How To Clean Cages The Right Way
Keeping your rat cages clean is vital for the health and well-being of your rats. With so many people wondering how to best clean a rat cage we thought we’d give you our own personal cage cleaning method.
Most rat owners clean their cages slightly differently, but this is the most efficient and rat-safe method that we’ve used and have been developing for the last few years based off of hours of research into products, allergens, pollutants and ingredients that rats can react badly to.
What You Should Use:
The links on these items will take you to the brands we personally use, however you can swap most of these products for what’s easily available to you.
We recommend that you switch to using these kinds of products, especially when it comes to using cat litter that is dust free, as regular dusty cat litter can cause respiratory illnesses in rats.
What You Shouldn't Use:
- Undiluted Bleach
- Air Freshener
- General Disinfectant Spray
- Regular Dusty Cat Litter
- Sawdust, Cedar Shavings & Straw / Hay
Many of these products aren’t suitable for cleaning rat cages due to ingredients and the difficulties of removing all residue from things like bleach.
We don’t recommend that you use these products when cleaning your rat cage as there are safer alternatives available. While many use a diluted bleach solution we don’t believe that this is any better than using a rat-friendly disinfectant spray coupled with hot water during deep cleans.
Additionally using things like sawdust, cedar shavings, straw and hay for bedding or as cage covering are not recommended due to respiratory concerns and the potential contamination of chainsaw fuel in sawdust and shavings, and the common problem of having mites living in straw and hay.
Related: Best Bedding For Rats.
How To Clean Your Rat Cage The Right Way:
Cleaning your rat cage should be something that you schedule and break down into three simple steps.
We recommend a daily, weekly and monthly process, however the frequency will depend totally upon how many rats you have, the size of your cage and the material of your cage.
Some materials are much harder to clean than others and the cage can only be as clean as the cage allows.To see the best rat cages we recommend you check out our review here.
Depending on how many rats you have you may need to perform daily spot checks. We currently have 3 boys and we still find this a necessary step so we highly recommend it.
- Spot check for excess poos or empty litter tray.
- Remove and replace any sodden floor covering.
- Replace water.
- Replace and remove any spilled food.
- Give the cage a quick wipe over with baby wipes or a white vinegar water solution.
Once per week you need to give the cage a more thorough clean regardless of how many rats you have…
This includes things like replacing all the floor covering, washing any fleece liners you may use instead of floor covering (ideally twice per week) and wiping over cage accessories and food / water containers.
A weekly clean requires that you change everything in the cage and clean it well.
Floor covering and bedding will be fairly sodden after a week, even when really absorbent which means the cage will have higher amounts of ammonia present which is bad for rats respiratory systems.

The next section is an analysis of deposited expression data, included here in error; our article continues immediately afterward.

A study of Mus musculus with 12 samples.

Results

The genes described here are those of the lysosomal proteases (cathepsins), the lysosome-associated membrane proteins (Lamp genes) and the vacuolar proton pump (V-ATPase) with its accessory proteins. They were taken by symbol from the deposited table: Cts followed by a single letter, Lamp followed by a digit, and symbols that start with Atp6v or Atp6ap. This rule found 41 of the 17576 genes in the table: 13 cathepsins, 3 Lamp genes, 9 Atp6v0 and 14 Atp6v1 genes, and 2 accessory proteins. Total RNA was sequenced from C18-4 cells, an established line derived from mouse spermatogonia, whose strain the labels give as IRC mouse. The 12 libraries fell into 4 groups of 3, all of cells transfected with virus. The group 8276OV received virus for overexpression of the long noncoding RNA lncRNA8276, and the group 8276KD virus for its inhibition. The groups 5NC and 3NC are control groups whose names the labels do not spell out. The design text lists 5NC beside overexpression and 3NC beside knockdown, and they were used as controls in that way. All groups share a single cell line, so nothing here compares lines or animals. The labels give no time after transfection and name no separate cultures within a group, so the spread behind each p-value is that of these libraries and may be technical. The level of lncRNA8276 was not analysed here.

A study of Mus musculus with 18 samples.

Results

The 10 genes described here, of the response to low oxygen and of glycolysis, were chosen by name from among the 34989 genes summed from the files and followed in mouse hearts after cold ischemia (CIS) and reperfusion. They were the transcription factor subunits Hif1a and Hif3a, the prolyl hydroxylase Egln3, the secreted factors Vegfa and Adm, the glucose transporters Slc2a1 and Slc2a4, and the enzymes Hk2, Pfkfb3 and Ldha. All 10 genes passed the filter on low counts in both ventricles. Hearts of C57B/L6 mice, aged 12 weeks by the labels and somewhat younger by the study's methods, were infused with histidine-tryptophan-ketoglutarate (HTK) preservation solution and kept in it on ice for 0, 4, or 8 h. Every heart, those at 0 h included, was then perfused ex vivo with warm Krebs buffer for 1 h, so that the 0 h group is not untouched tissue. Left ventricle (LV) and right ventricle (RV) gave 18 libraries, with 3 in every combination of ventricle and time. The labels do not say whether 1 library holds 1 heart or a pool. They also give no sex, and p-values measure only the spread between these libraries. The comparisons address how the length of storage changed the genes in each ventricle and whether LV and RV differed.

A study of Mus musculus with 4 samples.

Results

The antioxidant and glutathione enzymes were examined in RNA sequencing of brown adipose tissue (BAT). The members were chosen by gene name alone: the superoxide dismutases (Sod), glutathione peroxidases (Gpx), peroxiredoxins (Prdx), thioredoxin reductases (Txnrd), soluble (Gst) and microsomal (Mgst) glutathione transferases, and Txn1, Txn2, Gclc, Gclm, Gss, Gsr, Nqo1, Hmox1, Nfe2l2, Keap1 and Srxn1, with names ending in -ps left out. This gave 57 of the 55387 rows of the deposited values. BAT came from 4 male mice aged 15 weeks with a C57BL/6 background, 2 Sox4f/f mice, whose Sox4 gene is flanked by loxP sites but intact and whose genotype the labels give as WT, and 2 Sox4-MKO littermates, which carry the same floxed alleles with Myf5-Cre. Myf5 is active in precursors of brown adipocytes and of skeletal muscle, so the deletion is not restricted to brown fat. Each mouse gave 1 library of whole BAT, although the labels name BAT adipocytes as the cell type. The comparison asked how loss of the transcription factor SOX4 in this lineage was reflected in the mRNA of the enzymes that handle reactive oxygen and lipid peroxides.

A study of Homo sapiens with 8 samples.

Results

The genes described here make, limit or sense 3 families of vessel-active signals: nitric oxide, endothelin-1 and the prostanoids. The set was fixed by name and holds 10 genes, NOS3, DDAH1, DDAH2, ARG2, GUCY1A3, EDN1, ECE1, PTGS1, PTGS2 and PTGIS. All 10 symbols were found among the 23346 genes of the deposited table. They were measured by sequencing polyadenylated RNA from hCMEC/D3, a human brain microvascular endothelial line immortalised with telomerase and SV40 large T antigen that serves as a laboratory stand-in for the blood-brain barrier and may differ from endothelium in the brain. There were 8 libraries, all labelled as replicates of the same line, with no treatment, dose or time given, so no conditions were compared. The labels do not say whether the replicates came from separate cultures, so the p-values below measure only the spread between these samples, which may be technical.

- Remove everything from the cage and give it a wipe over with baby wipes.
- Dry off the cage to ensure any residue from cleaning products is completely removed.
- Wipe off accessories outside of the cage with anti-bac spray and rinse thoroughly in hot water before drying off completely.
- Put everything back into the cage, and add fresh bedding, litter and cage floor covering.
Once a month we completely dismantle our cage (you might have to do this weekly depending on your cage) and give it a deep clean.
A deep clean involves all the same steps as a weekly clean except we ensure that all germs and bacteria are completely eradicated.
After dismantling the cage we recommend taking it into your bath or shower and spraying it thoroughly with your anti-bacterial spray, scrubbing the cage with an abrasive sponge and then rinsing well on your hottest setting until any residue or remaining anti-bac spray is no longer present. Be very careful of not getting burned during this process!
Repeat this process for cage accessories, the food bowl and water container.
We recommend letting everything dry by itself for a while as you wipe down the cage bars with a white vinegar solution and baby wipes before ensuring all residue is removed. We prefer to use a gentler approach with the cage bars unless they are very mucky as it’s harder to ensure all residue is removed.
- Remove all bedding, litter, accessories, cage covering and food / water containers.
- Dismantle the cage.
- Disinfect, scrub & rinse cage floors and levels in the shower or bath.
- Repeat the process for accessories & food / water containers.
- Wipe bars over with a white vinegar solution and baby wipes, wipe off remaining residue thoroughly.
- Re-assemble cage and add fresh bedding, litter & cage covering.
- Add a few poos to the rats litter tray inside the cage to prevent excessive marking after a deep clean, which can make the cage very smelly!
Keeping your cage clean is important for so many reasons and how you clean a rat cage is equally important.
It is vital to find a method that is the most rat-friendly, where the ingredients in the products you use are as gentle as possible while still cleaning the cage thoroughly, minimizing any pollutants that get re-introduced to the cage that could make your rats sick.
If you enjoyed the article or have any questions then please feel free to let us know in the comments or contact us if you prefer!
We hope that you found this article informative and useful.